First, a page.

By Beth Davidson, Allergychoices
Wet and humid weather provides the perfect conditions for mold growth, both indoors and out. With extreme moisture from floods throughout many parts of the country, the presence of mold is high with many allergy sufferers experiencing strong symptoms.
While mold allergy treatment begins by reducing mold sources and exposure, sublingual immunotherapy, or allergy drops, for mold allergy can be used to safely reduce allergic sensitization and build tolerance over time to decrease, or even eliminate, reactions to mold.
Many homes have identifiable mold growth. Conditions such as poor ventilation, leaky pipes, flooding, faulty construction, and/or lack of air conditioning can increase moisture and promote mold growth indoors. Mold allergy treatment should first begin with reducing mold exposure by removing mold sources, decreasing humidity, and increasing ventilation.
Outdoors, molds are everywhere in organic material and become easily airborne. While mold exposure is universal, symptoms depend on your sensitivity to mold, your exposure to mold, and whether you may be sensitive to other allergens.
Mold allergy symptoms include:
- Allergic rhinitis
- Delayed symptoms including
- Chronic congestion
- Recurrent sinusitis
- Malaise and fatigue
Allergy drop therapy for mold allergy is used to minimize initial allergic sensitization and build tolerance over time. Allergy drops are customized with allergy antigens specific to what an individual patient is determined to be allergic to with no added “extras.” The treatment level is also tailored to patients’ skin or blood test results to deliver an amount that is therapeutically beneficial without increasing risk of reactions and unnecessary costs.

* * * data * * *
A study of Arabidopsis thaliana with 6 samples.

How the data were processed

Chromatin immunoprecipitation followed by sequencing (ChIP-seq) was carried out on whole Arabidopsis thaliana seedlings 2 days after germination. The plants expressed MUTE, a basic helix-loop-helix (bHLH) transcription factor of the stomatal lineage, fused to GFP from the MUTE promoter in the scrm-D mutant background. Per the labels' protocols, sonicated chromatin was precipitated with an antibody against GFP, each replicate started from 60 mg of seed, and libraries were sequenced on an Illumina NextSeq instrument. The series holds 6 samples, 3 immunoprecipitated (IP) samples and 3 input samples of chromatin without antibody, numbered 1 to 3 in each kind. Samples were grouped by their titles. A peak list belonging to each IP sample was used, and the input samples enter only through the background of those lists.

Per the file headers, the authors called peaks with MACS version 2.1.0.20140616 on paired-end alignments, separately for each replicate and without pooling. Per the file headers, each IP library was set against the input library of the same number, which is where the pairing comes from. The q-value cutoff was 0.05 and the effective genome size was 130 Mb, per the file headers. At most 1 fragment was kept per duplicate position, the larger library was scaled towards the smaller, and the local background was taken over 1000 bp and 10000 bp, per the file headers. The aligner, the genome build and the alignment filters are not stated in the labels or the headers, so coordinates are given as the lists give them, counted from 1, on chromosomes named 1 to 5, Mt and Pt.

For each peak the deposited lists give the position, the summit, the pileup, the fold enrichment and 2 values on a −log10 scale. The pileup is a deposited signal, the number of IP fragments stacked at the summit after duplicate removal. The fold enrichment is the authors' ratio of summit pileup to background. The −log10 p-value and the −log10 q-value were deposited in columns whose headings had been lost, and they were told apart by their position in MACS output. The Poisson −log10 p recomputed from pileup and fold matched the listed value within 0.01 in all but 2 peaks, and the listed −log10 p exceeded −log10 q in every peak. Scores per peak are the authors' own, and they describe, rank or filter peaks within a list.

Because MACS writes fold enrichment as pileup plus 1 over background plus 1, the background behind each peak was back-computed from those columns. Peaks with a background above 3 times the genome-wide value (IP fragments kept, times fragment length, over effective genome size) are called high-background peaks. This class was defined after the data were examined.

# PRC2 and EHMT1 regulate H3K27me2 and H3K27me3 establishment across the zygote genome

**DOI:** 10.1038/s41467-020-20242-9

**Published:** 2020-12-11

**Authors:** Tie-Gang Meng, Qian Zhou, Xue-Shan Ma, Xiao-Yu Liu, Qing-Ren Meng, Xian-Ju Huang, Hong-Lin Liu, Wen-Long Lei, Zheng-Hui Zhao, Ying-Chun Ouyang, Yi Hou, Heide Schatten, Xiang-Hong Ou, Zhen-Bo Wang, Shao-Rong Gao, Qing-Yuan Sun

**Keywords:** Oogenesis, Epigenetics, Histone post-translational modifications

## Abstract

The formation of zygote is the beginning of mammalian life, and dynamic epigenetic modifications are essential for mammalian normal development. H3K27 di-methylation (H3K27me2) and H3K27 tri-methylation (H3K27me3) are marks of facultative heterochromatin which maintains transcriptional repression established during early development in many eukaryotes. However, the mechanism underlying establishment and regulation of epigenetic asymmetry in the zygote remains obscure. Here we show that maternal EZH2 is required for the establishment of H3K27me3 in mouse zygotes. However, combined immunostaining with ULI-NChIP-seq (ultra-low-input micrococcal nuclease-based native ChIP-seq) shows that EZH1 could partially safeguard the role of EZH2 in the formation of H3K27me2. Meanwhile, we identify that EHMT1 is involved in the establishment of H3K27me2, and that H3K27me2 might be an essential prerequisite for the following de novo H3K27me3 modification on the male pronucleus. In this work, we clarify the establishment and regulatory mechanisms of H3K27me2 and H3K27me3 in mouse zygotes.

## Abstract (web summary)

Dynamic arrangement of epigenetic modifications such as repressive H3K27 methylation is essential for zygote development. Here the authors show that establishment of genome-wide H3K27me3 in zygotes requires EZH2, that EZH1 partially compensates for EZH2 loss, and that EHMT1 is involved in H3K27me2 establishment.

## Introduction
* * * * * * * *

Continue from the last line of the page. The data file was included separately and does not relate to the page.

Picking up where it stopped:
Allergy drop therapy for mold allergy is more than just symptom management. The benefits can include:
- Decreased need for ongoing allergy medications
- Increased tolerance to mold
- Reduce the amount and type of allergic reactions
- Improved quality of life
- May stop the progression of the “atopic march,” which can lead to asthma and other allergy-related conditions in young children
Heightened mold counts also tend to surface at the height of ragweed season. This “one-two punch” can create added issues for those with allergies to both, and can be dangerous for asthmatic patients, leading to one of the worst times of the year for strong reactions. Addressing them now can make future seasons easier to tolerate and reduce the risk for reactions later on.
One of the issues with treating mold is first getting accurate diagnosis. Initial skin test reactions may not show the true level of sensitivity. Monitoring for delayed reactions a few days following tests can be important for accurate diagnosis and subsequent treatment.
If you suspect molds are a problem, talk to your doctor about testing and how you can treat the cause safely, effectively and conveniently.